Daniel Decatur Emmett composed “Dixie’s Land” in 1859, a song that has since been performed by everyone from white minstrels in blackface to Elvis Presley in Las Vegas. The new documentary Dixie boasts some intriguing revelations, such as the notion that Emmett might have based his song from a family of former slaves and musicians who performed throughout Ohio. To learn more about Dixie’s secrets, catch the documentary on Sunday, April 2, noon, on WCNY-Channel 24.
Dixie was created by the Central New York-based Intersection Films, but don’t expect to see a studio with gilded gates, soundstages and a commissary of stars. Ryan Kelley, who co-founded Intersection with Trent Reeves, instead works out of his home office, while his team consists of freelance editors and camera operators whenever a new project pops up.
Despite the unlikely idea of Yankee moviemakers tackling the history of a Deep South ditty, Kelley and company still persisted. “At first blush, Dixie seems like a southern story, but it’s really a story about America and how we remember our past,” Kelley said. “It’s a past that can be uncomfortable to deal with, but the lessons of the past seem to be drawn out into the present again and again. When I started the film, I was naive enough to think it was a historical piece on white supremacists adopting symbols used to terrify and divide. Dixie suddenly feels a lot more timely.”
The documentary features performances by jazz singer Rene Marie, who handles a medley that includes a re-imagined version of “Dixie” with Billie Holiday’s anti-lynching anthem “Strange Fruit,” and the Grammy Award-winning Carolina Chocolate Drops as they perform a variation of Daniel Emmett’s tune “Genuine Negro Jig.”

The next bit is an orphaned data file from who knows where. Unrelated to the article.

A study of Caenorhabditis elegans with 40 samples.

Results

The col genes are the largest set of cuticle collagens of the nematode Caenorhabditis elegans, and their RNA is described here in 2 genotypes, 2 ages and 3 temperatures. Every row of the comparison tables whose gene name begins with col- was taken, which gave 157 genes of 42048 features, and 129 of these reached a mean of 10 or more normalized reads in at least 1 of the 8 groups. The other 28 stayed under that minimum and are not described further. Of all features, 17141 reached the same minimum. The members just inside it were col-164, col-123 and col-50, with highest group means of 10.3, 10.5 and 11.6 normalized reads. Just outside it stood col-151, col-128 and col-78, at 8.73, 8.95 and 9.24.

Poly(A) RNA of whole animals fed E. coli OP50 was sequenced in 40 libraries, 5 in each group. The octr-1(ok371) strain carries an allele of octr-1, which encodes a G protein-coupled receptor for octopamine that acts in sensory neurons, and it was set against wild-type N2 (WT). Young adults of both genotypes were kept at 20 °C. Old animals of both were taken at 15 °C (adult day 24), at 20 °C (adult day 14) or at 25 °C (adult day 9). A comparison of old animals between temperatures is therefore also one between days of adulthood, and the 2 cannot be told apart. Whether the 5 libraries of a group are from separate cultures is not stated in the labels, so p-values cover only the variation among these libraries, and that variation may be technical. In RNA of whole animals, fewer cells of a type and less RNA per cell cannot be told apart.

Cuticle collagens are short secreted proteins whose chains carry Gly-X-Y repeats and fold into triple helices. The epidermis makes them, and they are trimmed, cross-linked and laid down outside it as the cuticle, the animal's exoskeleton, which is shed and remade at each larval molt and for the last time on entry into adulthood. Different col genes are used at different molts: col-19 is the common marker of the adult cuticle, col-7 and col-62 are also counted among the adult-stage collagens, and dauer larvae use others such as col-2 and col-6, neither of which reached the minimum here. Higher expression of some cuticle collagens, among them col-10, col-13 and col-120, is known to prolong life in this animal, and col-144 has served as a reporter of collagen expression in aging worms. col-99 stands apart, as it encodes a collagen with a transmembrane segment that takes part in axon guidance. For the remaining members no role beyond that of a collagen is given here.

Dixie is the result of five years of research, as Kelley combed through nearly 200 years of archival documents, photos and newsreels. Kelley’s background in journalism and history, which he learned while studying at Ohio State, aided his cause.
“Before I graduated from Ohio State, I dropped out when I was 19 to work for a small newspaper chain in Delaware,” Kelley recalled. “I freelanced for a lot of newspapers and eventually found myself at Campaigns & Elections, an insider publication for political operatives. I covered swing state politics for them, but the political realm was making me cynical at an early age. So my girlfriend at the time (now wife) and I decided to travel west, and it was there that the idea for Dixie was developed.
“After settling in Syracuse, I began saving money for road trips to shoot the film. It was the same pattern for a few years: road trip, shoot, save money, another road trip, another shoot, back home to save more money. It was a slow process, but it was the only way to shoot on a small budget and have the film be good.”
Kelley never went to film school, but he certainly knew what documentaries he should be viewing. “The first documentary that really hit me was The Civil War by Ken Burns for the depth and scope it brings to the subject,” Kelley said. “I’m fascinated by documentaries that can make those connections between the past and the present and show how the two are inextricably linked. On the opposite end of the spectrum, documentaries like Albert and David Maysles’ Grey Gardens resonate with me for their ability to provide a snapshot into a small, private world that wouldn’t have been documented otherwise.”
Given Kelley’s previous appetite for politics, Intersection Films’ next effort will be The Elector Game, an election reform documentary about problems facing democracy. Creative people from around the world, including election experts, scholars, activists and animators, will tell the story of the 2016 election and what the future holds for our election systems.
Yet anything historical could be considered up for grabs for Kelley’s cameras: “So if anyone in Central New York has a quirky, one-of-a-kind story hidden in their attic or tucked away in their basement, get in touch with me!”